A vast majority of Rwandans are so skeptical of churches that they want government to impose very strict regulations on them, according to a new study.
The findings show that 84.7% of Rwandans are in favour of “erecting tight regulations and monitoring churches’ operations”.
The study was conducted by former Prime Minister Dr Pierre Damien Habumuremyi and academic Vedaste Habamenshi. It is titled ‘Citizens’ Perception on Proliferation of Churches in Rwanda Post 1994 Genocide against Tutsi: Analysis of Root Causes, Effects and Perspectives’.
The survey findings are published in the International Journal of Research in Economics and Social Sciences (IJRESS).
A government crackdown that ended in July last year closed 7,000 places of worship. Today, there remains over 700 faith-based organizations – controlling over 15,000 houses of worship countrywide, most of them Christian churches.
The study by Dr Habumuremyi says that “freedom of worshiping God granted” by 2003 constitution is one of major reasons there was this explosion of churches in numbers.
The other cause is the “internal conflicts” in the churches that is causing birth of new groups, as they fight over money and resources. When a particular pastor cannot get enough from the church, they leave to form their own.
At least 72.9% Rwandans believe that many churches are born because pastors see them as “means of livelihood and doing business”.
From a combination of several other issues, the churches are viewed so negatively by Rwandans reaching 81.2% of the population.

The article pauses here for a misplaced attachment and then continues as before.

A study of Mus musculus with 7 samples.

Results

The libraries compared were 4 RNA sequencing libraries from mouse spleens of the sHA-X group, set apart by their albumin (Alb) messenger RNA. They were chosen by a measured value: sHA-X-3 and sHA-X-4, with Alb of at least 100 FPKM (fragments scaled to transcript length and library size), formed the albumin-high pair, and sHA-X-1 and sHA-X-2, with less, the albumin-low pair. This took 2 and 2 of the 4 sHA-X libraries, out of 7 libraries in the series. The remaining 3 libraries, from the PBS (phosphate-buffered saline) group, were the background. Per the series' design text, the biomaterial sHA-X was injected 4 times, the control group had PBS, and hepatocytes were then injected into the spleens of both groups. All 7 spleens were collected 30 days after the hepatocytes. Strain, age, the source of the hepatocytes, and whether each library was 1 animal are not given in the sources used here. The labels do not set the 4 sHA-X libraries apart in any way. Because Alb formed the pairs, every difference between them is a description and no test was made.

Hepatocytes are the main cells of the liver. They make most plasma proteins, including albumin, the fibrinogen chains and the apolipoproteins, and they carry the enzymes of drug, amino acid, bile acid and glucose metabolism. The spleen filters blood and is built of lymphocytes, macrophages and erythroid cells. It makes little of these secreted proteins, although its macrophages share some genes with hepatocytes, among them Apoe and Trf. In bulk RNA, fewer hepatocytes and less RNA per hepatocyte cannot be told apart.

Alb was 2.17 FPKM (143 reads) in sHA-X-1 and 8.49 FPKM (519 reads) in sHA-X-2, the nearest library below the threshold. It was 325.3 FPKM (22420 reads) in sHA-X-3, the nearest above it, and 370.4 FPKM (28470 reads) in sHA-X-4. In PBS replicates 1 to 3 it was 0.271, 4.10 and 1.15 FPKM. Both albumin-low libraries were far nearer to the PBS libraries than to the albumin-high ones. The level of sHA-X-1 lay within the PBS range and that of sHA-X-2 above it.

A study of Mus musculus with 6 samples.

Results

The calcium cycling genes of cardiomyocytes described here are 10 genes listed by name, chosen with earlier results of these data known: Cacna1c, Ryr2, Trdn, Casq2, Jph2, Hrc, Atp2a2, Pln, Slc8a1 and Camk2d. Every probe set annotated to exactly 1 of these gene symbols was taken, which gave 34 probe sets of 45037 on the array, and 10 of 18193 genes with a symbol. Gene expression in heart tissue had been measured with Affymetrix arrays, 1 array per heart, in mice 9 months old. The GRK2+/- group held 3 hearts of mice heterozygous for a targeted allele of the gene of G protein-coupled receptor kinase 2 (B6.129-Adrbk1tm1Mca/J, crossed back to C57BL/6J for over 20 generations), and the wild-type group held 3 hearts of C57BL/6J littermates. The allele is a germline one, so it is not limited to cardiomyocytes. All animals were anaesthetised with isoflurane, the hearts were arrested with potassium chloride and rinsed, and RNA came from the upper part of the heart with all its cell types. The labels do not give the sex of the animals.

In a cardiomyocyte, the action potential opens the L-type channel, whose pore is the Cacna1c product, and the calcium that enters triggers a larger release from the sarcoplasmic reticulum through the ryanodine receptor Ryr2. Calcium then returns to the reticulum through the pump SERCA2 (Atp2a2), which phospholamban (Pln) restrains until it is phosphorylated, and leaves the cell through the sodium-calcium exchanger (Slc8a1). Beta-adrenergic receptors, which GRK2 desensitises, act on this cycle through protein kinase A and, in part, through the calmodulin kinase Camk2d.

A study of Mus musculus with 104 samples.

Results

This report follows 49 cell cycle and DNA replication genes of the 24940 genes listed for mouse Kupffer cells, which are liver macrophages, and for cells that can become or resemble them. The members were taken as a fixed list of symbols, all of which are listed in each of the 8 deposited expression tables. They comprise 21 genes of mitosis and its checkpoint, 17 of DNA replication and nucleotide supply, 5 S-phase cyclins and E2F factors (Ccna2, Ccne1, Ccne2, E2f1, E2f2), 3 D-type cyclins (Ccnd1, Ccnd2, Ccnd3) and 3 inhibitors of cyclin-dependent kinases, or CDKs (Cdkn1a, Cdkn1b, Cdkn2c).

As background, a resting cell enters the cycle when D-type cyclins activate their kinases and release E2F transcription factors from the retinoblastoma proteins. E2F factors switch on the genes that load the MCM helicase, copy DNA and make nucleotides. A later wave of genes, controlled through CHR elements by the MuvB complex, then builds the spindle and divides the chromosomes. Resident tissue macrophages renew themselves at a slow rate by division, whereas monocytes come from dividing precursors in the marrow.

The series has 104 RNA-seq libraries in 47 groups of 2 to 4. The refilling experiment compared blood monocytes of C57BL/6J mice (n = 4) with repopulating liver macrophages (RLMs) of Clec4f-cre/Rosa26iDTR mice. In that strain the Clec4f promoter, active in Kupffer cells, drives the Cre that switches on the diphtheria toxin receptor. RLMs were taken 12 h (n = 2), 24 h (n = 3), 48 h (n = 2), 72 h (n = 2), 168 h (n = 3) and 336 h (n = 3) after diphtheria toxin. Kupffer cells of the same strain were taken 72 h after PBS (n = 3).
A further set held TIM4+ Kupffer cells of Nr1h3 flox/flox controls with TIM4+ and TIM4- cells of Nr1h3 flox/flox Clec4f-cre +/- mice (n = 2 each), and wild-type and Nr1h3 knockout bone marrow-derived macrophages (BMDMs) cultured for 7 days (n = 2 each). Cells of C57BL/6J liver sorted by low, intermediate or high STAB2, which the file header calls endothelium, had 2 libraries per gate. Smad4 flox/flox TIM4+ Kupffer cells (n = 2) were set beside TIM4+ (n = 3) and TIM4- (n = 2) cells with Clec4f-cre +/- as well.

At least 95 percent of Rwandans consider themselves Christians, according to the 2012 national census. Some 44% of the resident population of the country are Catholics.
Another of the big groups is the Pentecostal Church of Rwanda or ADEPR, which says it has over 2m members out of a population of 12m. It has a church in most of Rwandans villages.
More than 74% Rwandans are not happy with the churches, says Habumuremyi and his research partner, because ” teachings in churches focus on miracles instead of sensitizing people to work”.
However, despite the number of Rwandans who favoured tighter regulations on the churches being high, a much bigger percentage of 88.2% said they want all pastors to undergo university theology studies.
The study was based on sample of 150 respondents selected from National Women Council, National Youth Council, Opinion Leaders, Church Leaders, Local Administrative Leaders, and Students at public and private universities.
This latest study comes as government has began implementing a law that requires religious groups to file their books of accounts with the Rwanda Revenue Authority (RRA) annually. (READ DETAILS HERE)
Dr Pierre Damien Habumuremyi was Prime Minister between October 2011 until July 2014. He is currently head of the Chancellery for Heroes, National Orders and Decorations of Honour (CHENO) and President of the Board of Trustees of the Christian University of Rwanda.